Two fighter planes collided on the flight deck of the aircraft carrier Kitty Hawk yesterday, killing one crewman, injuring two others and sending a $17 million F14 Tomcat fighter to the bottom of the Indian Ocean, the Navy said.
An investigation was immediately launched. The carrier is on "routine" maneuvers, according to the Navy, which would not disclose its exact location.
The Navy said Petty Officer Garrel M. Powers of San Diego was killed. The two injured men--who were not seriously hurt--were not identified, pending notification of next of kin.
The collision, the second such fatal crash on a U.S. carrier in four months, occurred about 5 a.m. local time yesterday (about 6 p.m. EDT Sunday) when an A7E Corsair was making its landing approach to the Kitty Hawk. It collided with an F14 taxiing on the flight deck.
Cmdr. Mike Sherman said at Navy Air Force Pacific Headquarters in San Diego, Calif., that the F14's two-man crew ejected safely. It was not known how many were aboard the Corsair, but no one on it was injured. After the collision, the Tomcat rolled overboard into what Sherman described as "deep" water.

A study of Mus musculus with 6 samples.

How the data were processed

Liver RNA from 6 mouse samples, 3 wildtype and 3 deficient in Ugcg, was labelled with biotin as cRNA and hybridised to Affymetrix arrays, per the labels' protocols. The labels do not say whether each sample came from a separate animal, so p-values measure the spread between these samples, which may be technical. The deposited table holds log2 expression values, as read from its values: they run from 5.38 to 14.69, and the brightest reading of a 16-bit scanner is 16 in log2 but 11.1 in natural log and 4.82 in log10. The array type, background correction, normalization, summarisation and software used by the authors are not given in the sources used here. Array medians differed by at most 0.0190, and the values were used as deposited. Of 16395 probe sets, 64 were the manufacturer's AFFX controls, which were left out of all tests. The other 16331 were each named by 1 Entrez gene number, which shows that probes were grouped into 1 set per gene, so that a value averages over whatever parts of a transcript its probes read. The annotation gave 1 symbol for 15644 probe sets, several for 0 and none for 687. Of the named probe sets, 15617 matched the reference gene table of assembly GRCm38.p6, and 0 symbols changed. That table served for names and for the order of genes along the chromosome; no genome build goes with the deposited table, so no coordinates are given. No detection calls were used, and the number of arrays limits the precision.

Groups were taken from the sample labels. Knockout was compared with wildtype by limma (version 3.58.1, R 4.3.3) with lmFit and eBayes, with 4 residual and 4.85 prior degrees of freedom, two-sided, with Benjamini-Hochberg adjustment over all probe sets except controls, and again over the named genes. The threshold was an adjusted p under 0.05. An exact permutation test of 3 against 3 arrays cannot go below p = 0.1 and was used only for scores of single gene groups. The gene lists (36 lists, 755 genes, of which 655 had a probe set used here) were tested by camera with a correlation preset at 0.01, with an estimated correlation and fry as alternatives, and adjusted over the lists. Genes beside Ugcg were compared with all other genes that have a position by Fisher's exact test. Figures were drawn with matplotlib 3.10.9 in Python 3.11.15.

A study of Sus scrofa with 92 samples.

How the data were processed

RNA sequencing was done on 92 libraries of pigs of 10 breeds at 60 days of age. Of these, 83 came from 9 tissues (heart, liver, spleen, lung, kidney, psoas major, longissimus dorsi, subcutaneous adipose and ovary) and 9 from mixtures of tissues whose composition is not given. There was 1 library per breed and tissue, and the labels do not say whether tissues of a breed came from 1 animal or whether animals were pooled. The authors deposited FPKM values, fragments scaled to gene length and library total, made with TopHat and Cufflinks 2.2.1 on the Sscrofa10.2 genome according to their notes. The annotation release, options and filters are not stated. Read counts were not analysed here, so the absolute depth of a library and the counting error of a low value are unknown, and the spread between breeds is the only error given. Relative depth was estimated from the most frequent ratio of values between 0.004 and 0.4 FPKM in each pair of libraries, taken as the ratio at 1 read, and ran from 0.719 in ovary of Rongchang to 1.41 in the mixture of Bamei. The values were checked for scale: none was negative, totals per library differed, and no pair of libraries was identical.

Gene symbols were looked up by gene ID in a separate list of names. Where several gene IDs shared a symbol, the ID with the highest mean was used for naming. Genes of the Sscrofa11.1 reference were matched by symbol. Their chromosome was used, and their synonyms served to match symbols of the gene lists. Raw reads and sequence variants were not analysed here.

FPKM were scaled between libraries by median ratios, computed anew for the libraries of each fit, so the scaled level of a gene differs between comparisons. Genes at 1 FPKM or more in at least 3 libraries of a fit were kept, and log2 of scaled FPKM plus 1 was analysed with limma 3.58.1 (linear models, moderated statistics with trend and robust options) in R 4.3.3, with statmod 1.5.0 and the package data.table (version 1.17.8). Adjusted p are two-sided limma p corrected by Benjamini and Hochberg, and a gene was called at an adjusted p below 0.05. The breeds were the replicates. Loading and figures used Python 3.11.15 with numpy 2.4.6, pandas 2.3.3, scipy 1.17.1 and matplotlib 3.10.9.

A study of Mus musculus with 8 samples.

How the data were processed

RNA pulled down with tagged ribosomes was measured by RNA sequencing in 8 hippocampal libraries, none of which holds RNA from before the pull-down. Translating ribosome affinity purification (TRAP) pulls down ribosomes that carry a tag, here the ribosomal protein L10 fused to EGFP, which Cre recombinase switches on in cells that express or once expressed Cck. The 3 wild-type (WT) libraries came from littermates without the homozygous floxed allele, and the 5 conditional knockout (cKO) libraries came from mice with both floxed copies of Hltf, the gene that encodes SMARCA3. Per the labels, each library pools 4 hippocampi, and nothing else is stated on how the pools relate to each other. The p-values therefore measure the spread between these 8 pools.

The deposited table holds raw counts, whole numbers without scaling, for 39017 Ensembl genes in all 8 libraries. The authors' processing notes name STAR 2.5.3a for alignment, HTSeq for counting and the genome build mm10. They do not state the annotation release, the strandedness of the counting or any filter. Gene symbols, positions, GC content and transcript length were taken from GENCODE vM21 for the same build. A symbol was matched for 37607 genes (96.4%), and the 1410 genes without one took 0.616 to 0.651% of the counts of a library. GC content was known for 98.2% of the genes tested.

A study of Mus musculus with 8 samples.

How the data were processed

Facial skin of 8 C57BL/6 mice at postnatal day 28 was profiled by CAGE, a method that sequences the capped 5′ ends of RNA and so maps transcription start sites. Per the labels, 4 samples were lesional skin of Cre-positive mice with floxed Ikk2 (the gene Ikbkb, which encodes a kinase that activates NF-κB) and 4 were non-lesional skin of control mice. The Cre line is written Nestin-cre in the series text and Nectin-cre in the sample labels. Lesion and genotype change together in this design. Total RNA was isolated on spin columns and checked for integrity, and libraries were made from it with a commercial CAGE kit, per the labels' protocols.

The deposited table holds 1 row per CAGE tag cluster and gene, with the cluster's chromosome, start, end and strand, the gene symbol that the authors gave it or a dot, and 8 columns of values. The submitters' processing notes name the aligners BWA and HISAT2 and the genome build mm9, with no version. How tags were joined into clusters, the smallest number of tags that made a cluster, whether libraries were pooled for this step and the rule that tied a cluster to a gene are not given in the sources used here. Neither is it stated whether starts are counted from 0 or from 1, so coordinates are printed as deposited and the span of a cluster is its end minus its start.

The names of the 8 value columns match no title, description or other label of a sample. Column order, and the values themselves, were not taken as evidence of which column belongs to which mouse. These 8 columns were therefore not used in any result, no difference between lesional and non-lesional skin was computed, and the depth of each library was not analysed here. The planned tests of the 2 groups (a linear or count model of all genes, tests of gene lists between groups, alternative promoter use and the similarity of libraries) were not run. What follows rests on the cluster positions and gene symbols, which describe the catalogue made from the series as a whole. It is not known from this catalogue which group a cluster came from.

The Navy spokesman could not say whether the fighter was armed with a missile. Five years ago the loss of a similar plane carrying a Phoenix missile led to a salvage operation costing several million dollars because the Navy feared that the Soviet Union might try to recover the plane from the North Sea off the Scottish coast.
A Navy spokesman in San Diego said, "There is no hope of recovering the F14 because the water is just too deep."
The Kitty Hawk, with a crew of about 5,000, left San Diego in March and has been taking part in maneuvers with the 7th Fleet. The investigation of Monday's incident is being directed from the fleet's Subic Bay base in the Philippines.
The collision is the most serious flight-deck accident since a Marine electronic warfare jet crashed on the USS Nimitz off Jacksonville, Fla., in May, killing 14 men and injuring 48. Three F14s were destroyed in the fire that followed.
The Corsair involved in the Kitty Hawk crash was assigned to Attack Squadron 22 at Lemoore Naval Air Station in California; the F14 was from Miramar Naval Air Station in San Diego, where the carrier is based.
In an incident unrelated to the collision, a Kitty Hawk crewman was lost overboard about 10 hours after the accident. Despite an immediate search, his body has not been recovered.